DryShips: A Buy Or A Sell?

| About: DryShips Inc. (DRYS)


China’s iron ore exports will increase in the coming years.

Dividend from Ocean Rig will improve DryShips cash position.

Capesize and Panamax vessel rates are expected to increase.

Revenue and EPS are expected to improve in the next two years.

Shares of DryShips (NASDAQ:DRYS) surged more than 190% during the last year. However, year-to-date, the stock has lost more than 30%. Nevertheless, the stock still has a great upside potential because the market conditions are improving for the dry bulk carrier industry.

Since the beginning of the year, the Baltic dry index has dropped more than 50% due to decrease in iron ore demand from China due to its New Year. However, this effect is temporary, and the index will improve as iron ore demand increases. DryShips' entire fleet is under long-term fixed rate locked contracts, so short-term fluctuations in daily spot rates will have no effect on the company.

As the consumer of 60% of global iron ore, demand of dry bulk vessels is heavily dependent on Chinese iron ore imports. China plans to increase its spending on infrastructure that will drive the steel demand. China is likely to set another record this year in steel production. The country's steel production is estimated to reach 802 million tons this year, and 819 million tons in 2015. Due to rise in steel production, its iron ore imports will reach 872 million tons in 2014, and 916 million tons in 2015. Shipments from Australia will rise 19% to a record 687 million tons this year and climb to 749 million tons next year.

Iron ore prices are also expected to decline in the next few years, which is positive for DryShips and its peers. The Bureau of Resources and Energy Economics [BREE] expects the spot price of iron ore to fall from its average of $126 a tonne last year to $87 by 2019. Decrease in iron ore price will encourage traders to import more iron ore. Increase in Chinese iron ore imports will drive the demand for dry vessels and push spot rates higher. According to projections from Clarkson Capital Markets, Chinese demand for coal and iron ore will drive the demand for dry-bulk vessels by 4.5% this year and 5.4% in 2015. That growth should easily outstrip the rate of construction of new ships, which Clarkson projects will increase some 4.3% in 2014 and 2.8% in 2015.

Source: 2013 Annual report

DryShips owns a total of 42 drybulk carriers: 12 Capesize, 28 Panamax and 2 Supramax vessels with a combined deadweight tonnage of approximately 4.4 million dwt and an average age of approximately 9.7 years. The chart shows us that the company's three Capesize vessels will be free within the next two years. According to Clarkson Capital Markets, Capesize vessel rates will reach $24,301 per day in 2015 from recent rates of around $8,400. This means that DryShips will benefit from the surge in Capesize vessel rates next year. Contracts at high rates will mean higher revenue and higher profit for the company. Besides this, its two Panamax vessels will free up in 2015, and two in 2016. Rates of Panamax vessels are also expected to jump at least 65%.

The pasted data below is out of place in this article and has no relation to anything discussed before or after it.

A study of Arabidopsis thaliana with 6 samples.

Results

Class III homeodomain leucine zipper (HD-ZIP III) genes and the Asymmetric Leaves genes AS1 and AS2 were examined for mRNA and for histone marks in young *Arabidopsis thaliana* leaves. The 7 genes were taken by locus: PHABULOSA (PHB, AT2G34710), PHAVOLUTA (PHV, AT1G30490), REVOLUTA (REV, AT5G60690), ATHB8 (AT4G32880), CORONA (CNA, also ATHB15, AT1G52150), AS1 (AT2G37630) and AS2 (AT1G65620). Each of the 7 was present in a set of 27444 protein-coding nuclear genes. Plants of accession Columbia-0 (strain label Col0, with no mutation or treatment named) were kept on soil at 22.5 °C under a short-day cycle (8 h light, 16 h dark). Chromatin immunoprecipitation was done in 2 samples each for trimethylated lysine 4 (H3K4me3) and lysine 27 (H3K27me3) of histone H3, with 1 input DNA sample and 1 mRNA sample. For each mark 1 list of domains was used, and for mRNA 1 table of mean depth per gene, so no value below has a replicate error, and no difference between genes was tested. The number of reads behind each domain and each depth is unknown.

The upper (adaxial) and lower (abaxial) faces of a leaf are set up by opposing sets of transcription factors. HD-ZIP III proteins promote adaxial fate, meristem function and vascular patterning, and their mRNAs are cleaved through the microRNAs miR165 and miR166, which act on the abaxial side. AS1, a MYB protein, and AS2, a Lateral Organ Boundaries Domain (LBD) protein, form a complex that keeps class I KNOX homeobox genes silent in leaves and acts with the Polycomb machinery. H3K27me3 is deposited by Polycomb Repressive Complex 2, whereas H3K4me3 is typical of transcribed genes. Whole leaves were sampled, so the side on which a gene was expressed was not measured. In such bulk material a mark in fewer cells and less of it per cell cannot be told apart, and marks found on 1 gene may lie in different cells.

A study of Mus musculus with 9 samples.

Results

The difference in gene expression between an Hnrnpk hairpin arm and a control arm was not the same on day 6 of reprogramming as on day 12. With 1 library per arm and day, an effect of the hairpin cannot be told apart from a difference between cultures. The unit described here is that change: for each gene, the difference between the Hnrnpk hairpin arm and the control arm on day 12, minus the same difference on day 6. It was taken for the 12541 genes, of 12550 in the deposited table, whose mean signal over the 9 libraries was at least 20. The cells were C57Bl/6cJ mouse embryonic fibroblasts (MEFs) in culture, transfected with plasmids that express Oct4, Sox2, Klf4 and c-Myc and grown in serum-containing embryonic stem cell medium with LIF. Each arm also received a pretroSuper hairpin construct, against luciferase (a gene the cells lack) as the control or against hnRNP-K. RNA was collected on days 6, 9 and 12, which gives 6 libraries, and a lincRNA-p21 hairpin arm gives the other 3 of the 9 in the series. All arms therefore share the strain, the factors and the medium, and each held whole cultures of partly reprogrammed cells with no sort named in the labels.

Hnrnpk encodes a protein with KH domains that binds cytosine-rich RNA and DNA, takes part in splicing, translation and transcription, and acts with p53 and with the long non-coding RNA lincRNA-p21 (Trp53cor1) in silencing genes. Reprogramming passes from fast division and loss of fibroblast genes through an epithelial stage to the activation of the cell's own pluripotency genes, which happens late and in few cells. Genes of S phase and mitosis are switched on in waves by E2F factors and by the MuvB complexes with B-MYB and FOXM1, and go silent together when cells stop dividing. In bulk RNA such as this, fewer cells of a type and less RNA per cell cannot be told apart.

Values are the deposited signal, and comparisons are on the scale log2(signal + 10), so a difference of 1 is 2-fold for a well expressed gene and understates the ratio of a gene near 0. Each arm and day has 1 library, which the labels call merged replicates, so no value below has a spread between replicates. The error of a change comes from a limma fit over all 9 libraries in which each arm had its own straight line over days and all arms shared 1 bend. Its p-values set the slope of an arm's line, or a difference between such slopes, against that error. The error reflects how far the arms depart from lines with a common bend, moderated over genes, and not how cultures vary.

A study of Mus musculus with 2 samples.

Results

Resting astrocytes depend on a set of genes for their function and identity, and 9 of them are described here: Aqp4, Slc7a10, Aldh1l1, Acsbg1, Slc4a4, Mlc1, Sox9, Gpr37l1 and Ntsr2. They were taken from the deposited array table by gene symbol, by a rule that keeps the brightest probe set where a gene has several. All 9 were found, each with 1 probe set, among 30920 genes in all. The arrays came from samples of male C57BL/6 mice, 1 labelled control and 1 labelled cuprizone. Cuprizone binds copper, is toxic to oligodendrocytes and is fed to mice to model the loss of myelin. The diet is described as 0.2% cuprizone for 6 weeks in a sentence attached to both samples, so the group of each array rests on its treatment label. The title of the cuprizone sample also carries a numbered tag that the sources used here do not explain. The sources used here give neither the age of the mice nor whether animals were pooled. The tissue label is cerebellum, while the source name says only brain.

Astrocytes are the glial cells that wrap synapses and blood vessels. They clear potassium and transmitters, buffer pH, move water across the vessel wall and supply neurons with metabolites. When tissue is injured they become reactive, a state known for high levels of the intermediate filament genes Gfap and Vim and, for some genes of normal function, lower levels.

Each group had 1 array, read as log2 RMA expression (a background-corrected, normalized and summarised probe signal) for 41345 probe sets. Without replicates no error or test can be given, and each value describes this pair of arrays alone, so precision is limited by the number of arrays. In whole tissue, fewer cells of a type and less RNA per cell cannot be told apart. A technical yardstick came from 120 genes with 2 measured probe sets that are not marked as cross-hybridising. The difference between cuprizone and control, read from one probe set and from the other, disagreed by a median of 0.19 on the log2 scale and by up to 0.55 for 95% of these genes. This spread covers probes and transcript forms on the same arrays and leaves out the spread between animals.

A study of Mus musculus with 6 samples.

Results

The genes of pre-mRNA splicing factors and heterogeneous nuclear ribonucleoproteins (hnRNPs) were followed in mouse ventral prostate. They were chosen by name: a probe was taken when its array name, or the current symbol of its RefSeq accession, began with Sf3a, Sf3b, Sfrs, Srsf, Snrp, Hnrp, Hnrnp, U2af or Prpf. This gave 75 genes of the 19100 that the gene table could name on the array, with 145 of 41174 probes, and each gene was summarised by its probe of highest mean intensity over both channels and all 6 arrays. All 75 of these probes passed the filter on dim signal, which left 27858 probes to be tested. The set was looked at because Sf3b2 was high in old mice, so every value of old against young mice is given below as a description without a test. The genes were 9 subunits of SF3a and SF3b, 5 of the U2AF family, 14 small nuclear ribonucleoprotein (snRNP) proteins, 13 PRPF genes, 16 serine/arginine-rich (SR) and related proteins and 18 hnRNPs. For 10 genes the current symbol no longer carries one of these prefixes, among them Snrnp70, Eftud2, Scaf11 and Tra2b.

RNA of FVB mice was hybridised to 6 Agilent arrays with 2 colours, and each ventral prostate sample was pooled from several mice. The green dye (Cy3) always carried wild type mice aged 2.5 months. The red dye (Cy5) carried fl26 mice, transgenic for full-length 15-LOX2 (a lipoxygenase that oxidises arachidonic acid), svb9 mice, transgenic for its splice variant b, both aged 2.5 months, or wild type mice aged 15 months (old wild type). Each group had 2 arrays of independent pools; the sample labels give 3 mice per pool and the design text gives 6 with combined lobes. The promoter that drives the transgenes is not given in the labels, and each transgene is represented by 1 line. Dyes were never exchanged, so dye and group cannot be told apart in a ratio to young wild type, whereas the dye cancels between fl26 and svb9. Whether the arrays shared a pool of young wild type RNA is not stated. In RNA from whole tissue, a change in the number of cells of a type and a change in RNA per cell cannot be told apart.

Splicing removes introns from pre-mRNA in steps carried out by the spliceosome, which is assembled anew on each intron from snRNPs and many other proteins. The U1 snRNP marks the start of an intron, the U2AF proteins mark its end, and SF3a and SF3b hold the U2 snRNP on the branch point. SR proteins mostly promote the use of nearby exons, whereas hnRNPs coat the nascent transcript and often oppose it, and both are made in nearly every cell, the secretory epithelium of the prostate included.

DryShips has a very high debt-to-equity ratio of 147x, and that has caused many to think the company may need some help staying afloat. High debt is also the main obstacle in generating profitability. In 2013, the company reported a net loss of $223 million. The net loss include interest and finance costs of $332 million, up from $210 million in 2012. Excluding interest and finance costs, its net loss would turn into a profit of $109 million. Last year, the company also recorded depreciation and amortization expense of $357 million. Depreciation and amortization are non-cash expenses that have no effect on its cash flows in the period. If we exclude only this expense from the loss of $223 million, DryShips' net loss would turn into a profit of $134 million. So, my calculation says that the company is still generating money, not losing.

DryShips also has a stake in Ocean Rig UDW Inc. (NASDAQ:ORIG) that gives it some flexibility. Recently, Ocean Rig announced its first common stock dividend. It declared a quarterly cash dividend with respect to the quarter ended March 31, 2014 of $0.19 per common share, to shareholders on record as of May 20, 2014 and payable on or about May 30, 2014. Although this dividend will have no impact on DryShips' earnings, it improves its cash position, which in turn will help to manage its debt.

Analysts are also bullish on DryShips. According to Yahoo finance estimates, the company will report revenue of $2.02 billion this year and $2.39 billion next year. EPS is estimated to be $0.18 and $0.51 in 2014 and 2015, respectively.

Bottom Line

The future of DryShips is looking bright. China's iron ore imports are expected to increase, and that will drive the demand for dry bulk vessels. Although its high debt indicates some risk, improving market conditions and the dividend from Ocean Rig will help to manage this debt easily. In my opinion, DryShips is an attractive investment for long-term investors.

Disclosure: I have no positions in any stocks mentioned, and no plans to initiate any positions within the next 72 hours. I wrote this article myself, and it expresses my own opinions. I am not receiving compensation for it (other than from Seeking Alpha). I have no business relationship with any company whose stock is mentioned in this article.